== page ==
So you fell in love with those cute puppy eyes. Bringing home a new furry family member is exciting but can be exhausting sometimes, especially waking up at night for a crying puppy and constantly cleaning up after them. Yep, puppies eat, sleep, play and eliminate… a lot!
Every puppy will eventually learn to toilet in appropriate areas if given the chance – very few dogs have problems with toileting past adolescence and if they do, it could be due to physical or psychological reasons. But let’s not get there yet. Let’s teach your new puppy to use an area you would like for them to use when nature calls.
First of all, it is important to remember that young puppies are like babies or toddlers without the nappy on. They don’t have the physical ability to hold their bladders and it takes time for their neural pathways to develop so they can make the connection between “I need to go” and “I need to go outside”. So please be patient in the first few weeks or even months.
Each puppy is different and there is some variation between maturity levels of different sized pups. Some learn quicker, some slower and a lot depends on your vigilance and management too. Most pups learn to use an appropriate toileting area by 5-6 months of age, some learn even faster.
If your puppy is still having accidents after 9 months of age, you should talk to your vet to rule out any underlying medical conditions. Adolescent puppies can sometimes urinate in excitement and even adult dogs can eliminate when they feel scared, so please get them assessed by a behaviour vet if you’re not having success with the below suggestions.
As a rule of thumb, the more free range your pup has of the home, the bigger the risks of accidents. If you can’t supervise your puppy, a baby gate or puppy playpen is highly recommended to keep them safely confined to an area that’s not too big and easy to clean. If you can keep a close eye on your pup, you can allow them to explore and watch for those signs…
What are the signs that a puppy needs to go to the toilet? Sniffing the floor, circling, moving away from people, hiding behind furniture can mean something is about to happen. If you can spot your puppy doing any of these signs, quickly and gently pick them up and take them outside. If they already started peeing or pooing, please let them finish, and try not to get angry.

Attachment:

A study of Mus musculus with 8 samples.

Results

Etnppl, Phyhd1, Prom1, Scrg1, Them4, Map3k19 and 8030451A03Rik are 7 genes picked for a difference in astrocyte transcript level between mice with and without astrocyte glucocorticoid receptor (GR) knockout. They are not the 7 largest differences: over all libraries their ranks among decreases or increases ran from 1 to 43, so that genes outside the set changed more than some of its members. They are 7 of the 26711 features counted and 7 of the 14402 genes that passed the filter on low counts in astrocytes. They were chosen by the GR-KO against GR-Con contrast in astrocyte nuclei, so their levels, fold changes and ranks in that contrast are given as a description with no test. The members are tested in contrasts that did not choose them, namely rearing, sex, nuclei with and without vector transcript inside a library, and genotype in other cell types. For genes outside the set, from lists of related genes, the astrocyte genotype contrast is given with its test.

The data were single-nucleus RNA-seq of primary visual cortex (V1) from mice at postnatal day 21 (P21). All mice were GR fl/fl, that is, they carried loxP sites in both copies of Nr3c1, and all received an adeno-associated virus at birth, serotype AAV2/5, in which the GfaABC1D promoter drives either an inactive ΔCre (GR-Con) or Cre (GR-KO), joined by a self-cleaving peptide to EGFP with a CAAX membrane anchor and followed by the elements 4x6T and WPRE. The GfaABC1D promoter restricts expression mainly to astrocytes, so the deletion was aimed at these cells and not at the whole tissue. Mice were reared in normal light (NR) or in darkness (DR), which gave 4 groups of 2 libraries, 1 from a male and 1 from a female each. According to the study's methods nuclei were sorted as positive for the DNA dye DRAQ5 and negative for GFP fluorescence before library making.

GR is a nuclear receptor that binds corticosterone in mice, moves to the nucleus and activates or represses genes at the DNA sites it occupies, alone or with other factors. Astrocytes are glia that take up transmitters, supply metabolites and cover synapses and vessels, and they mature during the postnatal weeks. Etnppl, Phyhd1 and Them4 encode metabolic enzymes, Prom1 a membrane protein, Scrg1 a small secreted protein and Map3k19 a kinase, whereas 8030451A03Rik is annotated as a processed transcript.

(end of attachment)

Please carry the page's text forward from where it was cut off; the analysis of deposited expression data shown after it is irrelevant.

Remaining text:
Scolding your pup only makes him or her worried or scared – no-one should feel that they’re not allowed to perform a normal behaviour like relieving themselves. Making them fearful means that you’re actually more likely to find “hidden presents” and “getting into trouble” means that they don’t learn where you do want them to go. You’ll be more vigilant next time (it is a skill that can be learned too!).
Rugs and mats are very inviting for pups and they can’t tell the difference between your expensive Persian rug and a cheap door mat – they are both perfect toilets in their eyes! So if you don’t want your rugs to have stains on them, please roll them up for a few weeks until your puppy is more reliable with toileting.
Using puppy pads near the exit points can reduce accidents. Puppies have a natural tendency to do their business outside, but sometimes can’t get there in time. If you have a big area that your puppy can explore, it is a good idea to have a few puppy mats around the house in the first few weeks and then gradually reduce the number of in-door toilets as your pup reliably uses the pads.
Puppies would prefer to eliminate on grass, but if you don’t have a grassy backyard, you can set up an area on your balcony/verandah with an artificial grass mat or real grass – you can even get a fresh patch of grass delivered to you every few weeks.
It is also important what cleaning products you use. Some contain ammonia that will attract dogs (and cats) to pee on that spot. Some smell great for a human nose, but can’t trick a dog’s extra special nose, which picks up on a whole range of scents that we can’t. Enzymatic cleaning products will break down the smells instead of masking them, so your pup is less likely to go back to the same spot if cleaned up properly.
Puppies generally have to eliminate every few hours, depending on activity levels. They usually need to go straight after waking up from a nap, exercise or playtime, and within 30 minutes of eating and drinking.
In an ideal world, you should take your puppy outside (or to his designated toileting area) every 1-2 hours initially and then less frequently as your pup matures and you are getting better at reading the warning signs.
Accidents will happen for a few weeks, so please do not get cross with your pup – it is not their fault that they can’t hold their bladder. Much like human babies, it is just a developmental stage they have to go through. Gentle guidance and rewarding for doing their business in the right spot will help them learn quicker.
Ensure you don’t yell at, push their nose into their mess or use any type of punishment on your puppy if they have an accident, as this may cause them to be afraid of you and toilet away from you next time (e.g. behind the couch). There is absolutely no point in punishing pups as they won’t understand what they did wrong.
Instead, give them a big praise when they are doing their business in the right spot so they are likely to do it again in the correct place. You can even teach them to urinate on cue by adding a word to the action (e.g. “toilet” or “wee wee”). This can be handy if you are in a hurry or need to take a urine sample from your dog later on.
If you are still having trouble toilet training your puppy or you have an adult dog that is having accidents inside the house, get in touch with us at any of the following contacts so we can help you.